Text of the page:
Genes have long been implicated in MS; paint or varnish may increase that risk
In people with a certain genetic makeup, exposure to paint, varnish and other solvents could make them more susceptible to developing multiple sclerosis (MS). According to a study published in Neurology®, the medical journal of the American Academy of Neurology, people with exposure to paint or other solvents are 50 percent more likely to develop MS.
MS is a chronic immune-mediated disease where the myelin sheaths covering the nerve cells of brain and spinal cord gets damaged resulting in symptoms that include numbness, blurred vision, impairment of speech and of muscular coordination and severe fatigue. Myelin sheaths play an important role in the transmission of impulse from one nerve cell to the next. Globally, there are about 2.3 million cases of MS while India is home to about two lakh cases. There is no definitive cure for MS till date.
Those who have been smokers with solvent exposure and the MS genes are 30 times more likely to develop MS than those who have never smoked or been exposed to solvents and who do not have the genetic risk factors
People with exposure to solvents who also carry the genes that make them more susceptible to MS are nearly seven times as likely to develop the disease as people with no solvent exposure who do not carry the MS genes. The risk is even greater for people who have been smokers. Those who have been smokers with solvent exposure and the MS genes are 30 times more likely to develop MS than those who have never smoked or been exposed to solvents and who do not have the genetic risk factors.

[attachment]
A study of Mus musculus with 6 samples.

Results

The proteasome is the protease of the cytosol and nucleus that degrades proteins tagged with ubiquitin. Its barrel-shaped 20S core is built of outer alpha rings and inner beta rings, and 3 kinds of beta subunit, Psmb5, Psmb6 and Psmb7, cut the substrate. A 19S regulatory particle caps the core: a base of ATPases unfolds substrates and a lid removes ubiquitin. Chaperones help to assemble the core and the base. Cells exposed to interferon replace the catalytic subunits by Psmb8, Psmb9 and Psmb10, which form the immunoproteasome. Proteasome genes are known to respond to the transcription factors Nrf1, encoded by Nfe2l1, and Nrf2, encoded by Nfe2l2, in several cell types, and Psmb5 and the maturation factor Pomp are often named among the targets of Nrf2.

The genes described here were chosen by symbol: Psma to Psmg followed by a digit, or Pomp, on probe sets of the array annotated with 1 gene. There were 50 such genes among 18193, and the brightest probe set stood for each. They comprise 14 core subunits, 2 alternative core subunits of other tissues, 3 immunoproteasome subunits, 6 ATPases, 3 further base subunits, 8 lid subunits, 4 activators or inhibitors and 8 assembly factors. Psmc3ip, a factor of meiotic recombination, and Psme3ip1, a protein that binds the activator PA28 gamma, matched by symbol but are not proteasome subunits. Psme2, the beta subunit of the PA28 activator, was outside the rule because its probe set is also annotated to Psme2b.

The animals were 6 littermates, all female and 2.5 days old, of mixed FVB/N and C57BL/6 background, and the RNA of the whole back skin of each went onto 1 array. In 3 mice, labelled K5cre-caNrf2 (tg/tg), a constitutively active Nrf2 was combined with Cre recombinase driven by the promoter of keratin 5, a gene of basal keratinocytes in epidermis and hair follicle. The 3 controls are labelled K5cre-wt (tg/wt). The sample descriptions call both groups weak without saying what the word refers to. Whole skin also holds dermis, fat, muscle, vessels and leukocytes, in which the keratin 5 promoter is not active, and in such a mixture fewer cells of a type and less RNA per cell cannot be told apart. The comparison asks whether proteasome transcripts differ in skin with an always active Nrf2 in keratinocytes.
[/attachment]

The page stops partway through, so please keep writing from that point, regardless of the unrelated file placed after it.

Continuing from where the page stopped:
“These are significant interactions where the factors have a much greater effect in combination than they do on their own,” said study author Anna Hedström, MD, PhD, of the Karolinska Institutet in Stockholm, Sweden. “More research is needed to understand how these factors interact to create this risk. It’s possible that exposure to solvents and smoking may both involve lung inflammation and irritation that leads to an immune reaction in the lungs.”
Researchers identified 2,042 people who had recently been diagnosed with MS in Sweden and matched them with 2,947 people of the same age and sex. Blood tests were carried out to determine whether the participants had two human leukocyte antigen gene (HLA gene) variants, one of which makes people more likely to develop MS and the other reduces the risk of MS.
The participants were also asked whether they had been exposed to organic solvents, painting products or varnish and whether they had ever been a smoker.
In the group with neither of the MS genes and no smoking or exposure to solvents, there were 139 people with MS and 525 people without the disease. In the group with the MS genes and exposure to solvents but no smoking, there were 34 people with MS and 19 people without the disease. In the group with MS genes and exposure to solvents and smoking, there were 40 people with MS and five people without the disease.